You might be asking yourself what exactly is motion practice in a New Jersey divorce or family law matter?
Motion practice is generally used by a party to the action in seeking specific relief from the Court or for the Court to make a ruling on a contested issue in your case.
As the moving party, your attorney will prepare a set of papers on your behalf in the format required by the Court Rules, which in basic terms consists of your “laundry list” of relief requested (known as a Notice of Motion) together with a supporting statement (known as a Client Certification) signed by you, the moving party. In your certification, you will explain to the Court why you are seeking certain relief and how you propose the Court to rule on those requests for relief. You will also attach supporting documentation or exhibits to your motion papers which serve as your “proofs.” In most instances, a letter brief or brief is necessary.
When your motion is filed with the Court, it will be served on the non-moving party, and they will have an opportunity to respond in writing (known as Opposition). Chances are, the non-moving party will also file what is known as a Cross Motion, where they will seek specific relief from the Court in addition to responding to your motion.
The last part of motion practice prior to oral argument in Court, is the filing of a Reply Certification to the Cross Motion. At this stage, as the moving party, you would be responding in writing to the Cross Motion and reiterating some of your main points from the motion. In essence, as the moving party, you will get the last written word.
The “return date” of the motion is when oral argument takes place in Court. Your attorney, if you have one, will argue your main points, but will not regurgitate everything in your motion papers. The Judge may also ask any questions.
After this, the Court will enter an Order. You should know that attorneys do not control the Court, and there is no way to know if an Order will be sent out that day or take several weeks or more. This all depends on how busy the Court is. Again, due to backlog, there are likely decisions and Orders outstanding on cases prior to your motion that will have to be entered first. You must be patient when waiting for a Court to enter an Order.
It is vitally important that your attorney be at least somewhat familiar with how the Judge assigned to your case handles motions and how they have typically decided similar issues in other cases. While no one can predict the outcome in Court and considering that every case is factually unique, having the proper “voice” for the audience you are writing to and presenting the arguments in a certain manner, are all key in setting yourself up for possible success. This does not mean that you will win every issue in a motion, and you should keep in mind that Courts strive to be fair to both litigants in entering Orders.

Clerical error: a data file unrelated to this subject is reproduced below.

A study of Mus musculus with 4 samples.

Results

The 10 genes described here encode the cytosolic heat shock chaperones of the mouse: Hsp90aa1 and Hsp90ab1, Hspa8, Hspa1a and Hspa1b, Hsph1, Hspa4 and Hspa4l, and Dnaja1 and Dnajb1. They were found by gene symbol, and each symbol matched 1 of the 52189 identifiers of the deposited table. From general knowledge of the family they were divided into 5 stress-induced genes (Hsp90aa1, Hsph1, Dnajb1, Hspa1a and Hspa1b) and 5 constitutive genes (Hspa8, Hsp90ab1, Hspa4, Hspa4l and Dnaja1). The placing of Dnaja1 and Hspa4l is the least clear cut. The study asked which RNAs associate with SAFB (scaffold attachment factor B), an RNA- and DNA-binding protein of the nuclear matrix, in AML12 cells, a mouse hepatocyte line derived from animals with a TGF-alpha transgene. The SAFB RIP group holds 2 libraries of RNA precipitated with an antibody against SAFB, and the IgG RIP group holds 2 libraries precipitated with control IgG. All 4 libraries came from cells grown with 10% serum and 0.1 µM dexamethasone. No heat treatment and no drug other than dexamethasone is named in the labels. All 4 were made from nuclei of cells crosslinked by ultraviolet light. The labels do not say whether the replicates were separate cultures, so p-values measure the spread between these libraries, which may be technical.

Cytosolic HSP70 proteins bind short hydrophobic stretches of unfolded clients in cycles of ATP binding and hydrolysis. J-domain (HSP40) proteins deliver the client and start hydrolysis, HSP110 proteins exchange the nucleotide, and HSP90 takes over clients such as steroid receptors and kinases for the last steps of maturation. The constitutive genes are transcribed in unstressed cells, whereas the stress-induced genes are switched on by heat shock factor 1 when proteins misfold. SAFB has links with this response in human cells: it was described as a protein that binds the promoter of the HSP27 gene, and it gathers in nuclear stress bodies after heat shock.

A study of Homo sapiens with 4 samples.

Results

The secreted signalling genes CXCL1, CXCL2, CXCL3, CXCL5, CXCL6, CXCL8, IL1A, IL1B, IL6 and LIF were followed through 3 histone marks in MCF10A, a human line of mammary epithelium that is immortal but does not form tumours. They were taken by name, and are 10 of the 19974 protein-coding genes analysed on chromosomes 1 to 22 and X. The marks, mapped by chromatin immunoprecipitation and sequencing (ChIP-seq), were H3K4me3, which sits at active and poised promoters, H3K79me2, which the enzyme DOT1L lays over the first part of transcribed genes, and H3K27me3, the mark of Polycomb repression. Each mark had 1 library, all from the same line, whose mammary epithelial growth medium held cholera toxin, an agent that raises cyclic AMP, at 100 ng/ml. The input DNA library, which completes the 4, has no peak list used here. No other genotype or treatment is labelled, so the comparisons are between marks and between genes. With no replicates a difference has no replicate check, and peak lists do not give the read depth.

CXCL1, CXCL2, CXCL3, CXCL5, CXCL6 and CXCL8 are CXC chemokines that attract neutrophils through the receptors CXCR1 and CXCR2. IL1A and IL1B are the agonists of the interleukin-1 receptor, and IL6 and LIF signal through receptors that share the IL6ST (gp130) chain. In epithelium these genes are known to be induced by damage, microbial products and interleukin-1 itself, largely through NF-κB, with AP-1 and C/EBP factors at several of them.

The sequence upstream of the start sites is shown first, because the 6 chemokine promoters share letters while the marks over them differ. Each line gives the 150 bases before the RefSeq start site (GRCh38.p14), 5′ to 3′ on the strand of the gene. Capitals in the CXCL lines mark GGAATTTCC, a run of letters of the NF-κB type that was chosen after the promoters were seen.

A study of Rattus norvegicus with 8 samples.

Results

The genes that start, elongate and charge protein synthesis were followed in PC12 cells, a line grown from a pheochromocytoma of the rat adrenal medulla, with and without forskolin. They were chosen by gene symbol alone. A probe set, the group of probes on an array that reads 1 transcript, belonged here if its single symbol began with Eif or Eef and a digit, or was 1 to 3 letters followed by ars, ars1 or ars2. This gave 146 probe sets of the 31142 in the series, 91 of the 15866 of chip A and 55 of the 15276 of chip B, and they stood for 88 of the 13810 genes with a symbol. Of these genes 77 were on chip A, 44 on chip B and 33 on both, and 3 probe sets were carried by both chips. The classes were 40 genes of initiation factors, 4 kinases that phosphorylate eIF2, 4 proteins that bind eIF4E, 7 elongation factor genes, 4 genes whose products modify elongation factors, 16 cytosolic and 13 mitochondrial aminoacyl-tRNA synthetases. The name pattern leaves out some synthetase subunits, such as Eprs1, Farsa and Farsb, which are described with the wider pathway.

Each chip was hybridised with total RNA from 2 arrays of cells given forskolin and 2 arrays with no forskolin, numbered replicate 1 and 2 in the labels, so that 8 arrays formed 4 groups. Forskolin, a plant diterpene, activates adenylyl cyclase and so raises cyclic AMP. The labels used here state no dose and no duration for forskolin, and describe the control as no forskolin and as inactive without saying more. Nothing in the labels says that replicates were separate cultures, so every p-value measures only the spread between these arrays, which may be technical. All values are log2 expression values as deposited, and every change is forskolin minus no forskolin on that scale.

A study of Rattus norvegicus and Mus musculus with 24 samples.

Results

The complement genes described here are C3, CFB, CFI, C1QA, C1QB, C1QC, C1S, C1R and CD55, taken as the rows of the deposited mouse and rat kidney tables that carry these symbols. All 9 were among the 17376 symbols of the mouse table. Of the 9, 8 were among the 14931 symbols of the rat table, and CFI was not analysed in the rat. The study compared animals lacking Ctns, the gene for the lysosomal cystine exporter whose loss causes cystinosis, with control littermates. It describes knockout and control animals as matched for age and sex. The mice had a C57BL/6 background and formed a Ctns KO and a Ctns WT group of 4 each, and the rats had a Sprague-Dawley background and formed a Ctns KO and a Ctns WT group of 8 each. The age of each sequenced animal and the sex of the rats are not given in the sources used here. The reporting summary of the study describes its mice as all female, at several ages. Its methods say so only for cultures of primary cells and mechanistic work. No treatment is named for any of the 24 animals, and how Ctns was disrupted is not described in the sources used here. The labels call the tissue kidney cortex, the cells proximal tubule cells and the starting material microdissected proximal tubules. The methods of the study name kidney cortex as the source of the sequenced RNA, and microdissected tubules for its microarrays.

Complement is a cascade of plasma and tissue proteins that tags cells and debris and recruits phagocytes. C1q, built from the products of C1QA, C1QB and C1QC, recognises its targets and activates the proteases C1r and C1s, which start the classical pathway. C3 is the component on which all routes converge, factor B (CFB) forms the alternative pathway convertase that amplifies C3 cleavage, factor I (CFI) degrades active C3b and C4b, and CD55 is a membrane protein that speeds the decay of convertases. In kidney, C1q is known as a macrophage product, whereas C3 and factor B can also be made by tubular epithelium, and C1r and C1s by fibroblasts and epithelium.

These days, Courts are understandably overwhelmed with the number of new cases filed and those already pending, which includes motion practice. The numbers are staggering. This increase in backlog is still due to previous shutdowns during COVID-19, and in most instances, a shortage of judges on the bench to handle the volume. You must consider the Court’s workload when deciding to file a motion and first thoroughly explore all possible avenues of alternative dispute resolution, such as mediation. Chances are that even after the Court hears the motion in oral argument, the litigants will be ordered to attend mediation to try and resolve the issues.
The takeaway here is that motions in Family Court should never be thought of as a do-it-yourself project or something that can be “whipped up” by your attorney on the fly (the exception being emergent applications known as an Order to Show Cause.) Motions must be carefully thought out and strategized before any paperwork is prepared. Your certification must be well-written, supported by the proofs, and articulate your requests for relief in a respectful, organized, and straightforward manner. Of course, your filing must not only comport with the Court Rules, but also with New Jersey Family Law.
You should have an in-depth conversation with an experienced New Jersey family law attorney who can assist you in putting your best foot forward when it comes to motion practice.